Business Tech

Migrating to team communication tools

As on-line team collaboration tools grow in capability and popularity, many organizations large and small can benefit from reexamining their workplace traditions and technology investments. The days of offices with seas of cubicles continue to give way to cloud-based online meetings, group chat, unified communications and increasing use of video communications. Adding a new tool to your user’s desktop without a plan is sure to cause havoc. You need a team collaboration adoption plan.

Having guided several organizations through the transition from the cubicle to the cloud, I’ve seen misfires and home runs alike. To make sure yours is a home run, I offer this 3-part roadmap of practical team collaboration adoption:

Start with the end in mind

As with any major transition, it’s critical to start with a stated set of goals and objectives. What do you want from the transition? More efficient communications? Less email? Enable the hiring of remote employees? Better record retention? Reduce operating costs? Ditch an aging PBX?

Jot down your objectives and set some priories. “By the end of the year, I’ll have my Sales team transitioned to unified communications, allowing better remote communications and management”.

Selecting a pilot project and milestones

Within those goals, choose a relatively small and finite goal for a moderate-size group that is achievable within a few months and is measurable. In one case, I used the process of preparing for a major industry trade show to introduce Microsoft Teams to a geographically dispersed events team. It gives focus to the team and the results should speak for themselves.

Selecting a pilot team

From my experience, the successful adoption of new technologies is almost always led by a small group of early adopters that can show early positive results. Your pilot team should be a tech-savvy group of 12 or less individuals that would get the most from team collaboration tools. You’ll be setting an example as part of the team too. Bring your early adopters into the planning process and share with them your goals and strategy for achieving those goals – you may get valuable suggestions or smoke out some early concerns.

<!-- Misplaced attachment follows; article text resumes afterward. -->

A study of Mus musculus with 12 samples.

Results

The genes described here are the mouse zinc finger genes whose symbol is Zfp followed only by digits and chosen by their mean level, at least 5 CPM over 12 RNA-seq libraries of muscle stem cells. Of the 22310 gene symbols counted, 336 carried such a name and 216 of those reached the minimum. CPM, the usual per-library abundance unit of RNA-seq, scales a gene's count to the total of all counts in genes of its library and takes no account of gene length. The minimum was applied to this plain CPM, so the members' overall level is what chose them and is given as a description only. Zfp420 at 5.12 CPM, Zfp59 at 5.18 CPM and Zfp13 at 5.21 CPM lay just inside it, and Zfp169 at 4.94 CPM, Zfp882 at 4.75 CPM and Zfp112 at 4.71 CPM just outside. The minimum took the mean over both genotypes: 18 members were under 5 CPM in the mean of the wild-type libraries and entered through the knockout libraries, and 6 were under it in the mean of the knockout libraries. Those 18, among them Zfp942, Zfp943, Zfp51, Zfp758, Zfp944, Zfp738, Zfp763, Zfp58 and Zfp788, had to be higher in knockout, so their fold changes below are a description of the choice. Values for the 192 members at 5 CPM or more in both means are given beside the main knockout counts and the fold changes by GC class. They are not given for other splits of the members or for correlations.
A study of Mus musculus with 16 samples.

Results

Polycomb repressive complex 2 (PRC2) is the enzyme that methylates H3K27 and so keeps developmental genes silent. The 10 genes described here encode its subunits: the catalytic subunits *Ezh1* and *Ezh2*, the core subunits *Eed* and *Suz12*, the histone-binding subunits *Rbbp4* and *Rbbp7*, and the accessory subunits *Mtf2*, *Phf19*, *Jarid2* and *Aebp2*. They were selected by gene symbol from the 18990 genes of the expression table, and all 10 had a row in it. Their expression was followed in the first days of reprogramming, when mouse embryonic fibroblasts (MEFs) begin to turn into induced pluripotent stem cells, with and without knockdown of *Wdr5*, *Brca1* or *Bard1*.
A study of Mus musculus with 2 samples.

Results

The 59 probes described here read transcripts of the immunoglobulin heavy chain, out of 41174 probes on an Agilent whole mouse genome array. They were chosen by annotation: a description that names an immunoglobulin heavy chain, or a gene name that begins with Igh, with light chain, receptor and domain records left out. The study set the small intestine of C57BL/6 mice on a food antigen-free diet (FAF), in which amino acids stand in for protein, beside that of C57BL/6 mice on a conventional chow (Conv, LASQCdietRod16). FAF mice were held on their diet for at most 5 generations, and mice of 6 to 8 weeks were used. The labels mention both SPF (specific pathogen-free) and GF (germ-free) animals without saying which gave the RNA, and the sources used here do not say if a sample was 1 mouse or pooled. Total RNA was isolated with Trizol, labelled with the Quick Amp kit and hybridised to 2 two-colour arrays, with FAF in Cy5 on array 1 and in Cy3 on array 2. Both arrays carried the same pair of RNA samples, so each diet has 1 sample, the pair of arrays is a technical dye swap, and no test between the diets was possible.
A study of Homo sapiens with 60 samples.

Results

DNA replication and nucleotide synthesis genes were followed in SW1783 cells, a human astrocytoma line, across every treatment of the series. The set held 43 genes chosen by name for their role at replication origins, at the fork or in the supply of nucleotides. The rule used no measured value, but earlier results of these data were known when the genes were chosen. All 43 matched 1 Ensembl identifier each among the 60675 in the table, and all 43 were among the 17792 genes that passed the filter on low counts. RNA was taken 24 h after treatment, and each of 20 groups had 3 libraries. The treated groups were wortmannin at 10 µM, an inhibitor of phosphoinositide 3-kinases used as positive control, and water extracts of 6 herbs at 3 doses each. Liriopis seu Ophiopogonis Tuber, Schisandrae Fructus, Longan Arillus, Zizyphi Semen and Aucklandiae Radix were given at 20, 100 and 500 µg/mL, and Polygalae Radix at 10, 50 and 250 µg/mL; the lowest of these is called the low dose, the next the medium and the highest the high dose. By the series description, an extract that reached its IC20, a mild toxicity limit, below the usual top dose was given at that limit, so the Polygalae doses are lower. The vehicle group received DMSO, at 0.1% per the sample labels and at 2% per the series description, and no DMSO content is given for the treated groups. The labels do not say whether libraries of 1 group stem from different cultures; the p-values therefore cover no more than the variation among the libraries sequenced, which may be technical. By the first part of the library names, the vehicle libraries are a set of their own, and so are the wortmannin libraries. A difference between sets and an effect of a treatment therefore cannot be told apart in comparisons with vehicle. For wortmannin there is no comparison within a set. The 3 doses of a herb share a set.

Sometimes the tools come with the people, where new employees bring experiences with them to the organization. In other cases, consumer web conferencing or social media usage “leaks” into the organization without the blessing or plan from the CIO. It’s better to move quickly and select a team communication tool before a variety of non-authorized tools spread through the organization and leave a trail of security and privacy issues.

Interoperability with existing productivity tools should be the top priority when making the selection. Look closely at the tools available with what you are already paying for – there may be collaboration tools available as part of your current subscriptions.

It’s time to execute

Now that you have your team, a near-term pilot project and selected your tools, it’s time to get started.

Start by preparing a virtual workspace for the selected project in your team collaboration environment. Based on the project and team needs, set up folders, keywords, topics or other spaces that will naturally draw users to best practices.

Be relentless with the team to use the tools and their capabilities. Encourage trying new features. Set an example yourself by using the tools to manage the process. Give incentives for “finding the edges”. Monitor and discourage “old ways”.

Measure progress along the way, tracking issues and workarounds that others will need outside of the pilot. Use the tools themselves to archive best practices and issues.

Move on to wider adoption

In the next part of the series, I’ll share some the next part of the roadmap, leveraging the success of your pilot and dealing with roadblocks.